Gov. Phil Scott addresses Essex Rotarians last Wednesday, April 19 at The Essex Resort and Spa. (Photo by Kaylee Sullivan)

Gov. Phil Scott addresses Essex Rotarians last Wednesday, April 19 at The Essex Resort and Spa. (Photo by Kaylee Sullivan)

Essex Rotarians engaged in a lively discussion with Gov. Phil Scott last week at the club’s weekly meeting, largely focused on economic development both specific to Essex and statewide.

Each year, the Rotary invites the governor to speak, president Sharon Dettenrieder said. The Colchester-Milton Rotary also attends.

“We’re interested in his points of view about economic development [for Essex] and especially retaining young people,” Dettenrieder added.

Scott relied heavily on the two topics throughout his half-hour speech. His three main talking points were affordability, growing the economy and helping those in need. If a proposal doesn’t align with one of those goals, it’s not worthwhile, he told the crowd.

In his 119th event since taking office, Scott said talking with grassroots
organizations like the Rotary is helpful for gaining support.

He spoke of three numbers that keep him awake at night: Six, three and one. Everyday, he said, there are six fewer people in the workforce, three fewer children in the kindergarten through 12th-grade education system and one baby born to an addicted mother.

Vermont’s population, he added, remains stagnant at 650,000. Losing young people to other states is part of this trend, he noted.

The governor, as he has since the campaign trail, spoke of investing in early childhood education. Higher education, including trade schools, also needs a boost, he added.

Discussion then led to the recent proposal to combine Vermont’s Lottery Commission and the Department of Liquor Control.

The idea is to have one commissioner head the two groups. According to Scott, the merger’s structure would save the state about half a million dollars.

Earlier this month, the proposal was sent back for further study on what long-term implementations would entail.

Questions from the crowd soon brought the conversation back to keeping youth in state. A gentleman nearing retirement asked if Vermont is losing folks from older generations as well.

Vermont is losing the most affluent people to states like Florida, Scott responded, because of high taxes.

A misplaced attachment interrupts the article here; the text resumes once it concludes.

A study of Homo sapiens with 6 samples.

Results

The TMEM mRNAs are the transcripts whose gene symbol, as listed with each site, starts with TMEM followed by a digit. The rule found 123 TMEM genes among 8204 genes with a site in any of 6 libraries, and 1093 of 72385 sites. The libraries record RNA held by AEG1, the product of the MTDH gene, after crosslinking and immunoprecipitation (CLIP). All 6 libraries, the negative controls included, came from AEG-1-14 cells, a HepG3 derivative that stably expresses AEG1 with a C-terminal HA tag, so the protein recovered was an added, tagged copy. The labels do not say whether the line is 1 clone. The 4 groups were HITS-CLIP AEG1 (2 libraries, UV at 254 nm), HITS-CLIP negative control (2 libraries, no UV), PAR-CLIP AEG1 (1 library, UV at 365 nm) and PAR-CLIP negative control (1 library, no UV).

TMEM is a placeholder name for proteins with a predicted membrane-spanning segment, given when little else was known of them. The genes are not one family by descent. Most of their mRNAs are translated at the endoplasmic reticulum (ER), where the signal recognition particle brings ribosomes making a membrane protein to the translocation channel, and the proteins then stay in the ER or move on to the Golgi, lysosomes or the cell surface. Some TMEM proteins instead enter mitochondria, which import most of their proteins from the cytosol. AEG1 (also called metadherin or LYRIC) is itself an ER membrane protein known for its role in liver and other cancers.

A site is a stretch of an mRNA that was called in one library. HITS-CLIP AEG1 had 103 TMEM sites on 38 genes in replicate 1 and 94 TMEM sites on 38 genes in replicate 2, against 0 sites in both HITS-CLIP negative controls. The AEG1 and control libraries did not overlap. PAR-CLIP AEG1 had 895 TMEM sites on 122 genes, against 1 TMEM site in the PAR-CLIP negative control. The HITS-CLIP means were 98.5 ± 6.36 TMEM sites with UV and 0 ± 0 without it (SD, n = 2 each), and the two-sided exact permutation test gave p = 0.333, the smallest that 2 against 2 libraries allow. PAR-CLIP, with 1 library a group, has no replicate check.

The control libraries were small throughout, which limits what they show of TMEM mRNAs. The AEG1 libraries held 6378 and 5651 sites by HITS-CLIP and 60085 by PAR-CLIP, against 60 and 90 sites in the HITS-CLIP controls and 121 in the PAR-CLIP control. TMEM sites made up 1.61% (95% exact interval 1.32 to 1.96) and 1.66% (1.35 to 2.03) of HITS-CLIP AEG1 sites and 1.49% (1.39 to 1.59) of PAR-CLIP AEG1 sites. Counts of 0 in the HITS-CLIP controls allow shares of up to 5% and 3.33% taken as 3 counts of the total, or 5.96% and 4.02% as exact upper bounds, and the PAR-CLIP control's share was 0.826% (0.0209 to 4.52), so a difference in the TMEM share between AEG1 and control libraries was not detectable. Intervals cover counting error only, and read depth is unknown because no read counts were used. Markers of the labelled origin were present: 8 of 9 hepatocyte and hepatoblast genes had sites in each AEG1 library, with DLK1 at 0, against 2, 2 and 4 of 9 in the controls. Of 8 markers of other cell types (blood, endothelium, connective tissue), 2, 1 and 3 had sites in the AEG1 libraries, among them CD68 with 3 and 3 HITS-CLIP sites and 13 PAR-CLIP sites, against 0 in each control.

“Anything we can do to keep people here to be part of the system, I think is going to be advantageous,” he said.

One Rotarian said Essex isn’t attempting to compete with Burlington for the college-graduate crowd. Instead, Essex is built more on a family foundation. The man said quality of life and safety ratings are reasons people return to the Green Mountain State.

A strong focus on growing the economy is vital in reversing this trend, Scott said, repeatedly mentioning Essex Jct.’s military contractor, Revision.

Fewer taxes on people with military benefits and Social Security benefits is one option for growth, he told the Rotarians. The latter would occur over two or three stages, amounting to about $30 million in savings. Halting tax on military benefits would save about $5 million, he said.

Scott recognized residents need more confidence in the economy. As a business owner, he said he understands the tendency to hunker down when financial trends aren’t optimistic. If confidence levels were to rise, then so would the direction of Vermont’s economy, he added.

Developing a better relationship with Canada is one way of accomplishing economic goals, as is marketing Vermont’s attractive qualities, Scott said.

While the state’s tourism agency is small, Scott believes other agencies should take part in social media marketing, a forum for organizations to think outside the box in doing business, he said.

The crowd’s next question was about affordable housing. One Rotarian said he wished Scott would reconsider the idea for a $2-per-night occupancy tax on hotel visits.

Scott provided alternatives to the tax, noting a $35 million Housing Revenue Bond currently under consideration, as well closing the Southeast State Correctional Facility in Windsor, a $3 million annual cost he called “inefficient.”

But being realistic is important, Scott said.

“We can do things differently,” he said. “We can improve, and we can have a much different Vermont if we just start pulling in the right direction.”